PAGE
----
Personally I don't think further narrowing of an already small gene pool by making the white GSD a separate breed is going to do anything good for these dogs in the future.
This is a myth. Fred Lanting wrote a good article about the gene pool for the whites and stated that it was more than sufficient to support the breed. I doubt he was guessing or making it up.
Well their loss. I and hopefully many others will NEVER NEVER NEVER EVER buy a SV/VDH/FCI dog because that is just ridiculous. Hopefully the AKC/UKC will not go that stupid!
The UKC recognizes the White Shepherd as a distinct breed separate and apart from the white coated German Shepherd Dog.
Simple as that... just because the AKC had to make it's own rules,
Mrs K just to clarify. The SV is a registry and a parent club. In the US the GSDCA is the parent club for the GSD, the AKC only registers them. The AKC is told what can and can't be done with a breed by the parent clubs. It wasn't the AKC that made the rules, it was the GSDCA.
I also wanted to add that the Berger Blanc Suisse are not the same as an SV GSD regardless of their ancestry and they are not the same as the American or Canadian white GSD's. They're the result of selective breeding for a structure and temperament that suited the purposes of the people who bred them. These are amazing dogs with some of the best attributes the GSD breed had to offer but they have their differences. The road they traveled to gain breed recognition wasn't easy or short, but it paid off.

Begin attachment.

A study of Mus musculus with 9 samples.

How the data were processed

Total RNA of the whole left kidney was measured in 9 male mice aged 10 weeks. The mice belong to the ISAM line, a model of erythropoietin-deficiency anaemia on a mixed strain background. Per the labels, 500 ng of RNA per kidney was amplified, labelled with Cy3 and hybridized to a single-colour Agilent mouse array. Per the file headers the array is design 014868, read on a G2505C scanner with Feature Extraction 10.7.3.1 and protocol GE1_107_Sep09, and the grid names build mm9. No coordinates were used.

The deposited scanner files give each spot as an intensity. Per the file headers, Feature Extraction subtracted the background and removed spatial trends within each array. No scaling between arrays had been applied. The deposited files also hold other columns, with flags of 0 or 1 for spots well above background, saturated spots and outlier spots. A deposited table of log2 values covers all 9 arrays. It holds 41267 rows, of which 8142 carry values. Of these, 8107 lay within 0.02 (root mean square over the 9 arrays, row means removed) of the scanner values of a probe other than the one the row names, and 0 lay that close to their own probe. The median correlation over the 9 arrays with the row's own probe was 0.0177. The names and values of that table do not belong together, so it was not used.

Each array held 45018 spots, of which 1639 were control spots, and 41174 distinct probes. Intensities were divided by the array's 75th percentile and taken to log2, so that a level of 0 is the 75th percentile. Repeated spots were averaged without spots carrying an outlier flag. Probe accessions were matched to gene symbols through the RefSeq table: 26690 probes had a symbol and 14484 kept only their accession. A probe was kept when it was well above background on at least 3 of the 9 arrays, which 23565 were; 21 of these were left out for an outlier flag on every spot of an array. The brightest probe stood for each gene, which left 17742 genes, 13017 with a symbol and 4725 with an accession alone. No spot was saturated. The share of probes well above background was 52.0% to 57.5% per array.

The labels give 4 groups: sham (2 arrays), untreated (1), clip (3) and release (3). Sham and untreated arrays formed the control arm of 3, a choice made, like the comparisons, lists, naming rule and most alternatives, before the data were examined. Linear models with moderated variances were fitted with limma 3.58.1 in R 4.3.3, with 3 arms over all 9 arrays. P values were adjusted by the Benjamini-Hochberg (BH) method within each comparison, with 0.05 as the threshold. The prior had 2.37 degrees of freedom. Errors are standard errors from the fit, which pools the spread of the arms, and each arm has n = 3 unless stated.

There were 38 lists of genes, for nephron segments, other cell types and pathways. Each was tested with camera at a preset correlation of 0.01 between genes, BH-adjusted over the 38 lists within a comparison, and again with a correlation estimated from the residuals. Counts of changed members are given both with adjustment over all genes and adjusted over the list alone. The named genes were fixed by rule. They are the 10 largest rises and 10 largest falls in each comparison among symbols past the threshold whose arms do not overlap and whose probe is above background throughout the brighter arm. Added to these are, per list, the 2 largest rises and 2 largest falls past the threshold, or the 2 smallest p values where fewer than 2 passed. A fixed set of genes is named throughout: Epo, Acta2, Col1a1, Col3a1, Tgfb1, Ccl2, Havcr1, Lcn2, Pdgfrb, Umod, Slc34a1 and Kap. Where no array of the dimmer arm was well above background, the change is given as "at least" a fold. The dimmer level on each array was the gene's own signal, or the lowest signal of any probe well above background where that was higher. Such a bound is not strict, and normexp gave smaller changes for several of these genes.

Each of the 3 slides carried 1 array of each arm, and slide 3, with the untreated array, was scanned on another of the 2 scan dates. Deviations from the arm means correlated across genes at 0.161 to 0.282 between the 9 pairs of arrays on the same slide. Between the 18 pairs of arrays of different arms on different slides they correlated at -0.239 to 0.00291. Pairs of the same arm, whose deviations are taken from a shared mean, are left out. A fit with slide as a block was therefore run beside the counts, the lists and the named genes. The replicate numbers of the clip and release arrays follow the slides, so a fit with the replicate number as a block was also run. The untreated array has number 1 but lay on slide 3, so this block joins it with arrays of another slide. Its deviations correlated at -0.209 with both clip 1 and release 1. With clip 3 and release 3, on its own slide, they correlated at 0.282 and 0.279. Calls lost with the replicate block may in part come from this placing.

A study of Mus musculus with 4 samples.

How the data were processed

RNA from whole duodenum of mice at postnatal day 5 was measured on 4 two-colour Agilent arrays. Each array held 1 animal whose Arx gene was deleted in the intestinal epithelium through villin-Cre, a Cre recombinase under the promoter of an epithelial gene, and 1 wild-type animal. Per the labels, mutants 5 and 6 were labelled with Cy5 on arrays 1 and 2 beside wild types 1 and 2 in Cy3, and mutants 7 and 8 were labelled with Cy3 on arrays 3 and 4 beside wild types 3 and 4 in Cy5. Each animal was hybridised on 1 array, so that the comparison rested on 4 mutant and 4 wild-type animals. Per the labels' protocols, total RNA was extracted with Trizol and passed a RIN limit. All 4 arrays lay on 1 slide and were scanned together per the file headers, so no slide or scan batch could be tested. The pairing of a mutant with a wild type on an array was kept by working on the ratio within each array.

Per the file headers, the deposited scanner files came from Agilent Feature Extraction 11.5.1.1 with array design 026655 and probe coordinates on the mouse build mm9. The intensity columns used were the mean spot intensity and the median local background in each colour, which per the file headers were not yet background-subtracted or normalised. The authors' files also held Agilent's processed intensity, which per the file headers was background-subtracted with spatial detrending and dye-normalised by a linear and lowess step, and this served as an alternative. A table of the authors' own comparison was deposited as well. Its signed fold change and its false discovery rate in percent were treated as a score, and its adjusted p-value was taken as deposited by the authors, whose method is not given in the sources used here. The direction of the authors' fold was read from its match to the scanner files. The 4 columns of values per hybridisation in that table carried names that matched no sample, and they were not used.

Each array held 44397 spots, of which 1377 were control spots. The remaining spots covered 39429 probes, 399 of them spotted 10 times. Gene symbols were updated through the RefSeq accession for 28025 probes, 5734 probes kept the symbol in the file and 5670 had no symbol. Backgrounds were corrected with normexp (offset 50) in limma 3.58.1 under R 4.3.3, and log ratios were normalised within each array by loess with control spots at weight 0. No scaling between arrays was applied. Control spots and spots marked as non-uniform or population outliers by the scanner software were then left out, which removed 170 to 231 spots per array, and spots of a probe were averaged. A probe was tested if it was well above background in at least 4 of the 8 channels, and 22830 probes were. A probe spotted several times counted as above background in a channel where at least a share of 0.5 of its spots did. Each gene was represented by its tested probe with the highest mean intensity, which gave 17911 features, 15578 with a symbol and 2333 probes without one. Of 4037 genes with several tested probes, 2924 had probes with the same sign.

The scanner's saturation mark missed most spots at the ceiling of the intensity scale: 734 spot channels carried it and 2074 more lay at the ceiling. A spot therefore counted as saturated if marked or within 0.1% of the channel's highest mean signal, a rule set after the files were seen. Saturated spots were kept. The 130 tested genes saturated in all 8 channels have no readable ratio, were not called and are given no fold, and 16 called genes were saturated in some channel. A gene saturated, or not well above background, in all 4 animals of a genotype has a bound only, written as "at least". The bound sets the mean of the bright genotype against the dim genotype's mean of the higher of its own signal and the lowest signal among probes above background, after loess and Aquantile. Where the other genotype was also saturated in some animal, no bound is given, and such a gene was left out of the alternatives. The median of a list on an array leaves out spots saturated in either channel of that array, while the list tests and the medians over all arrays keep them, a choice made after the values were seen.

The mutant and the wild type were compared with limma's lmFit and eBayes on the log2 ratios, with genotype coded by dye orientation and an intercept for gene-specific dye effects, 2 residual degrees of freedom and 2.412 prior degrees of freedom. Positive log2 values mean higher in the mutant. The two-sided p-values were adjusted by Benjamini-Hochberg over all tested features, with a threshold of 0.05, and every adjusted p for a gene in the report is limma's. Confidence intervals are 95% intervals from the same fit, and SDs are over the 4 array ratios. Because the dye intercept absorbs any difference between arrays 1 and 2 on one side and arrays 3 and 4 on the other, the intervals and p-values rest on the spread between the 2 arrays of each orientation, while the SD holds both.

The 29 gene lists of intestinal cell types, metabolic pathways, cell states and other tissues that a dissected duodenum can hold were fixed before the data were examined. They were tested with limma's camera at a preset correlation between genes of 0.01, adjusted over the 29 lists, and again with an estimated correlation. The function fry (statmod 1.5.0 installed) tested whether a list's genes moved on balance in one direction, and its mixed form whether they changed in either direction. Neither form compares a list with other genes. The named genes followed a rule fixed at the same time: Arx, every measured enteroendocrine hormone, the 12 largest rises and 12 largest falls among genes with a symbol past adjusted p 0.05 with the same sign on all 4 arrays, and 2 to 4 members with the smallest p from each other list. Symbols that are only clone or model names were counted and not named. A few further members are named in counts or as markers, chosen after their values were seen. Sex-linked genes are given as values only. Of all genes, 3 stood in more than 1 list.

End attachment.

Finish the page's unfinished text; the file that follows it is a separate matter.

The American White Shepherd Association is the parent club for the White Shepherd and the BBS (same dogs, name changes depending what country you live in) in the US and continues to work with the AKC in an effort to gain FSS status. At this point in time we (AWSA) are very pleased with our progress. Again, this isn't an easy or short road but we believe these dogs deserve to have full breed recognition out from under the stigma they've carried for so long and away from the GSDCA.
I wonder why the GSDCA holds on so tightly to dogs that carry one of the 5 disqualifying faults in the breed. (or maybe it's 6) If the job of a parent club is to protect the integrity of a breed one would think their first order of business would be to eliminate dogs that were intentionally bred with faults. If they don't believe the dogs are faulty why haven't they lifted the dq?? Food for thought.